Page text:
A door opens for the autistic

31st October 1997 at 00:00
Misunderstood and removed from mainstream schools, pupils with Asperger Syndrome have been thrown a lifeline, write Kay Smith and Neil Munro.

Edinburgh is beginning to mount a serious assault on communication disorders - and Kaimes School in Liberton is one of the vehicles for this drive. Formerly specialising in visual impairment, Kaimes has now been redefined as a centre for 70 youngsters with "severe, complex or pronounced" learning difficulties, of whom 7 primary and 11 secondary pupils suffer from AspergerSyndrome, a form of autism.

Alex Wood, headteacher, says the school caters for children "who have the potential to cope with a mainstream curriculum but not in a mainstream setting".

The children are taught in small classes, with auxiliary support, by teachers trained in dealing with Asperger children. They are also provided with a tightly structured day which ensures as little change as possible. Obsessional interests, a classic feature of autism, are acknowledged and used as a vehicle for learning the basics, while emphasis is placed on social-skills training.

Mr Wood said the aim is to provide Asperger children with a safe and secure environment without which they may display disruptive behaviour which "would mean them being out the door very early on in a mainstream school".

Parents are invited to visit Kaimes, meet its staff and decide whether they would like to send their child there. Before they can, however, a recommendation must be secured from the education authority's professional assessment group. This multidisciplinary team - likely to consist at least of an educational psychologist, headteacher, and community child health specialist - considers each case on its merits, taking account of the view of parents as well as professionals. Applications are normally considered in February and the results made known in April.

It is estimated that nearly 4,000 children under the age of 16 in Scotland are affected by Asperger Syndrome; the condition may strike as many as 50 out of every 10,000 people, a potential 25,000 in Scotland. Autism affects four times as many boys as girls.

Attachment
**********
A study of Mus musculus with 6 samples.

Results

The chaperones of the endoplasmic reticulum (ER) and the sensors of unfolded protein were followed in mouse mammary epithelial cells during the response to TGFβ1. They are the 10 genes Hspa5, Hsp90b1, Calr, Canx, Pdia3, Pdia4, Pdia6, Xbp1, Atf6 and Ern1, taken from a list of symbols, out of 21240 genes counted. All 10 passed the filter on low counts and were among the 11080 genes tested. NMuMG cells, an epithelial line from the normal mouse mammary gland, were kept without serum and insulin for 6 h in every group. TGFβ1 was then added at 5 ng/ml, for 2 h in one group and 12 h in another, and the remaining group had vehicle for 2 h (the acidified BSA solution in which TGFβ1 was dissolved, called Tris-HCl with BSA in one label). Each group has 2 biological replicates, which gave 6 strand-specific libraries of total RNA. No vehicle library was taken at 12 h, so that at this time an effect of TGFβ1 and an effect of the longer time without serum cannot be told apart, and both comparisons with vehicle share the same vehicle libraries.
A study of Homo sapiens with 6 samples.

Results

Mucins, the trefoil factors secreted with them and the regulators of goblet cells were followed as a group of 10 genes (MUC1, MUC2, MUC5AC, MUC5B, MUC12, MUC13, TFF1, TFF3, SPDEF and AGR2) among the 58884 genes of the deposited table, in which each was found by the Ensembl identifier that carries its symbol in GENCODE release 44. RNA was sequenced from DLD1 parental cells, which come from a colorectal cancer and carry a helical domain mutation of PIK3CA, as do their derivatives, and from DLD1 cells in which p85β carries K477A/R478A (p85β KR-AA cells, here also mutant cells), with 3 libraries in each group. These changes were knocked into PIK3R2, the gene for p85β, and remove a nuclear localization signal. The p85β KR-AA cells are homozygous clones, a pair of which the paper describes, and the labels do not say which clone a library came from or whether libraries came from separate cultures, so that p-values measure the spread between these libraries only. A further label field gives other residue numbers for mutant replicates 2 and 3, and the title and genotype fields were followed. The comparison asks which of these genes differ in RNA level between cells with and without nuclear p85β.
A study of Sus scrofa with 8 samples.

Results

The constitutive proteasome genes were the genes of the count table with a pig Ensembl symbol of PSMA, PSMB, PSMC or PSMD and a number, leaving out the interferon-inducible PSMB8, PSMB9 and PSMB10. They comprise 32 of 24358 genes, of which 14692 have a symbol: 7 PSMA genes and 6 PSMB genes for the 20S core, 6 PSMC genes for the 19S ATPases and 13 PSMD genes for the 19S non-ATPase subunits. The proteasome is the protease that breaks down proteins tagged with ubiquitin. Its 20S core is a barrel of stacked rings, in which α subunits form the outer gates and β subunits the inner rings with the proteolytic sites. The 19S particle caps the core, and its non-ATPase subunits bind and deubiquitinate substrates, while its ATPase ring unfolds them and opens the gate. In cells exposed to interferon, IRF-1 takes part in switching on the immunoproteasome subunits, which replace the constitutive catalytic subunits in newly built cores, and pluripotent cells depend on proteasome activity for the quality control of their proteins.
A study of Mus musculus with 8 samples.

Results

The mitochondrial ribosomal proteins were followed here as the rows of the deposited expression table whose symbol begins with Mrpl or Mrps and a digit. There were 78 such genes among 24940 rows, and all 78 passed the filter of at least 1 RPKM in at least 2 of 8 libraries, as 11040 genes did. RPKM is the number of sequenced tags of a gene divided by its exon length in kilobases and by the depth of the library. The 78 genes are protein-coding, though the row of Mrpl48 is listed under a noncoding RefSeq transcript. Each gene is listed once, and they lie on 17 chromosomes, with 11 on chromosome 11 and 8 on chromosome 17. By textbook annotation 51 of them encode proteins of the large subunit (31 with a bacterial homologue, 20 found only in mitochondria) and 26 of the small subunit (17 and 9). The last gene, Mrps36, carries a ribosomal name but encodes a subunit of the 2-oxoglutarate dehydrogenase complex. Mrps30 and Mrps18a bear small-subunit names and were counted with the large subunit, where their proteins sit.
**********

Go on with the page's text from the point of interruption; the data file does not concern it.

According to a survey commissioned by the National Autistic Society, published at the end of last year, it is a condition little understood by the public - as many as 96 per cent out of 979 people interviewed claimed never to have heard of it. According to carers, there is a similar lack of awareness among professionals, resulting in a seemingly endless fight for public services. The Lothian Asperger's Support Group, which meets regularly in Edinburgh, aims to provide a social if not an educational lifeline.

Susan Wright, a member of the group, managed to secure a place at Kaimes for her son, Scott (who also has learning difficulties not directly related to the condition). Asperger children are characteristically easily upset, particularly when in groups, and they dislike changes in routine. These traits, together with eccentricities such as obsessive interests and an awkward gait and mannerisms, open the children to bullying.

It was for that reason that Mrs Wright was forced to remove Scott from a mainstream primary. "At school he would hide his feelings, but when he came home I got the full works: the foetal position, screaming, flapping of hands and the obsessions," she said.

Although Asperger Syndrome children have average or above average intelligence, they take everything literally. Nor do they pick up on body language and facial expressions.

The parents' experience often represents a catalogue of trial and error as they search for the correct diagnosis from the medical profession - and the most suitable schooling for their child. Parents of older children, in particular, appear to have had the toughest time. But the opening of new doors at places such as Kaimes and Craigentinny is the breakthrough they have been looking for. There is more general awareness as well: Brian Adamson said his five-year-old son's problems were spotted at nursery school and a referral for a diagnosis quickly sought.

Leith Academy has now begun making some additional support to allow autistic children to participate in the curriculum. And the Lothian support group says some parents are finding understanding primary school headteachers, who can ensure sympathetic handling and appropriate extra support within a mainstream school. Parents regard this as a lifeline.

All of which is music to the ears of Edinburgh's education department which stresses the importance of all schools having an awareness of pupils' communication difficulties. "We try as far as possible to support autistic children in their neighbourhood school," said Martin Vallely, the department's professional services manager. "That is the first port of call. Provision such as that being developed at Leith Academy is an additional resource."

Edinburgh expects its special schools to offer a range of provision including autism. Kingsinch in Gilmerton and St Crispin's in Newington have been taking part in training and development work which the authority hopes will be spread more widely.

The department has also appointed Alison Pugh as an outreach teacher, working with schools and teachers whose children exhibit "significantly challenging behaviour". That includes autistic youngsters who are distressed and unable to cope at school.

But, despite these developments, parents refuse to be complacent. The support group is planning to develop its campaigning role. Mrs Wright draws the lesson from their experience that "those who shout longest and loudest" are most likely to obtain the correct education for their children.